With all due respect to Hollywood, actual robot revolutions occur by degrees. For proof of this, we need look no further than the 2013 Cadillac XTS, which uses something called “sensor fusion” to introduce elements of autonomy to the car.
In other words, before we get to cars that drive themselves, we’ll first have cars like the XTS, which sort of drive themselves. The XTS’s system uses ultrasonic sensors, radar, cameras, and positioning technologies to help drivers avoid crashes. The XTS will also offer full-speed range adaptive cruise control, smart brake assist, rear automatic braking, lane departure warning, automatic collision preparation, and adaptive forward lighting, according to a press release.
Bakhtiar Litkouhi, GM Research and Development lab group manager for perception and vehicle control systems, put it this way in a statement reported in Torque News: “We believe sensor fusion will enable future active safety systems to handle a greater number of inputs to provide 360 degrees of crash risk detection and enhanced driver assist features. A system that combines the strengths of multiple sensing technologies and expertly manages those inputs can provide advisory, warning, and control interventions to help drivers avoid collisions and save lives.”
“Sensor fusion” appears to just be GM’s fancy way of saying that the system uses inputs from various types of sensing technology. “No sensor working alone provides all the needed information. That’s why multiple sensors and positioning technologies need to work together synergistically and seamlessly,” said Litkouhi. Autoblogvideo recently posted an interview with Litkouhi on YouTube, in which he went into more detail.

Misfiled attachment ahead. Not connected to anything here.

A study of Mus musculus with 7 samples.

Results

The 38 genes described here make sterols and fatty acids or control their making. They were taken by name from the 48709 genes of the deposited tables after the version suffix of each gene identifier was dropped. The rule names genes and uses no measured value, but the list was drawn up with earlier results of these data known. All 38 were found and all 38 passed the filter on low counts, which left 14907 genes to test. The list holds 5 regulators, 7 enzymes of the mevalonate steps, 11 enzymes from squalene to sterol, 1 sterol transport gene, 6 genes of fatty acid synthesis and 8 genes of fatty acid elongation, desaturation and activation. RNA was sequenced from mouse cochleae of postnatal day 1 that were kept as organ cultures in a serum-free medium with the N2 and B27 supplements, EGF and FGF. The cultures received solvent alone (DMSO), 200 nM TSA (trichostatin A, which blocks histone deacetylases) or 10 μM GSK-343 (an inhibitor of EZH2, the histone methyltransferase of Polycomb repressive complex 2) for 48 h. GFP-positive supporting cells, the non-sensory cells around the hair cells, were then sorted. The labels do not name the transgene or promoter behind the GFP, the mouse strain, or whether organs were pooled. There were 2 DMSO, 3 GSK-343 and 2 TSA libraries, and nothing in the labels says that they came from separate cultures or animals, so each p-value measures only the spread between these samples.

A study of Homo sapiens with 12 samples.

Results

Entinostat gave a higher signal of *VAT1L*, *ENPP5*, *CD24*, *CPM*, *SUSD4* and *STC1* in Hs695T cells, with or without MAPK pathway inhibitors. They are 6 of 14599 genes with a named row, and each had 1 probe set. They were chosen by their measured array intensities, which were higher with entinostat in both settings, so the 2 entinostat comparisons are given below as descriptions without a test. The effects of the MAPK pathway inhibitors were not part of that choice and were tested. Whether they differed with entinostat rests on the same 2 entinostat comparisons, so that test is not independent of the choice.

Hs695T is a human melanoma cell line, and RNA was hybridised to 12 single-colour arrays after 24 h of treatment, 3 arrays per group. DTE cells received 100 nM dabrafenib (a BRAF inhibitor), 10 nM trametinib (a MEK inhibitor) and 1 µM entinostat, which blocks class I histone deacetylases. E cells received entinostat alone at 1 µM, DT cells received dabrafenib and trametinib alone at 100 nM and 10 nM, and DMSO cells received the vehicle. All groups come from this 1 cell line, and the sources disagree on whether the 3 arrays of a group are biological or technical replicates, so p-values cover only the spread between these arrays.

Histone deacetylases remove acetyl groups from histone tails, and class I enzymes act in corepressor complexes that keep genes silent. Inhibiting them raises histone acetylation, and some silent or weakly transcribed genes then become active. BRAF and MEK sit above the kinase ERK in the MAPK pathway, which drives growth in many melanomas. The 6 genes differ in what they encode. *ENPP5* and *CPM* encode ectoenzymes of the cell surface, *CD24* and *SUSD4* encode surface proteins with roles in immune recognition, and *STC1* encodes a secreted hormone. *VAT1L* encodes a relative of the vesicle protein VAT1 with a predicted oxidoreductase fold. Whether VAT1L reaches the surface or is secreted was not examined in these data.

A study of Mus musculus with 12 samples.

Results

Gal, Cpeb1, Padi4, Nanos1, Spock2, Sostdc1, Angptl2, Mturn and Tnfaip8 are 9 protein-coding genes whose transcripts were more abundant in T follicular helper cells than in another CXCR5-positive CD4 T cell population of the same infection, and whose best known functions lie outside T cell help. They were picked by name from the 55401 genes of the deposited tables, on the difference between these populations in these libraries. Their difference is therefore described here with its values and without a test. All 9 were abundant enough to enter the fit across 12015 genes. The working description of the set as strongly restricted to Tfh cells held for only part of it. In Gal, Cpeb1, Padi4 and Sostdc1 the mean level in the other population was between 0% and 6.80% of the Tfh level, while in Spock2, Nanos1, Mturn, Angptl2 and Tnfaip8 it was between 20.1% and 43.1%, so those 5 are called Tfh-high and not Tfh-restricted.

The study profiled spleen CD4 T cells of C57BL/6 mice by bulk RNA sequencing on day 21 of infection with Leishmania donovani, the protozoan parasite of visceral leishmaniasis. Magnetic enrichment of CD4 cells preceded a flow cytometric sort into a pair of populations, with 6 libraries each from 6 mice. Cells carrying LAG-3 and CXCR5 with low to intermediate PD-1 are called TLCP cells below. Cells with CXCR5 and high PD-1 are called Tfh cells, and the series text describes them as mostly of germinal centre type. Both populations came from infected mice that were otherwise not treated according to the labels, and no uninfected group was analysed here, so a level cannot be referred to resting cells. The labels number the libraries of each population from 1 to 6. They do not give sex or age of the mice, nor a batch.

In addition to this “active” safety system, as GM terms it, the 2013 Cadillac XTS will feature a revamped telematics system called Cue (for “Cadillac User Experience”). The New York Times recently went hands on with Cue, and found it extremely intuitive for anyone familiar with a smartphone. (“We were determined to eliminate the steep learning curve, so we based the design on familiar devices and made ease of use a priority,” GM’s Mike Hichme explained.) The system can also be run with voice commands, using Nuance software.
GM’s decision not to reinvent the wheel (so to speak) with its infotainment system was a wise one. As smartphones and tablet interfaces become the ones we are most familiar with, it makes sense for manufacturers of other systems to follow suit. Consumers shouldn’t have to climb steep learning curves with every new device we encounter–more often than not, that simply leads to us giving up on the systems before we ever began to use them.
Sometimes the most forward-thinking design decisions are the ones that actually look backward–at the interfaces that already work.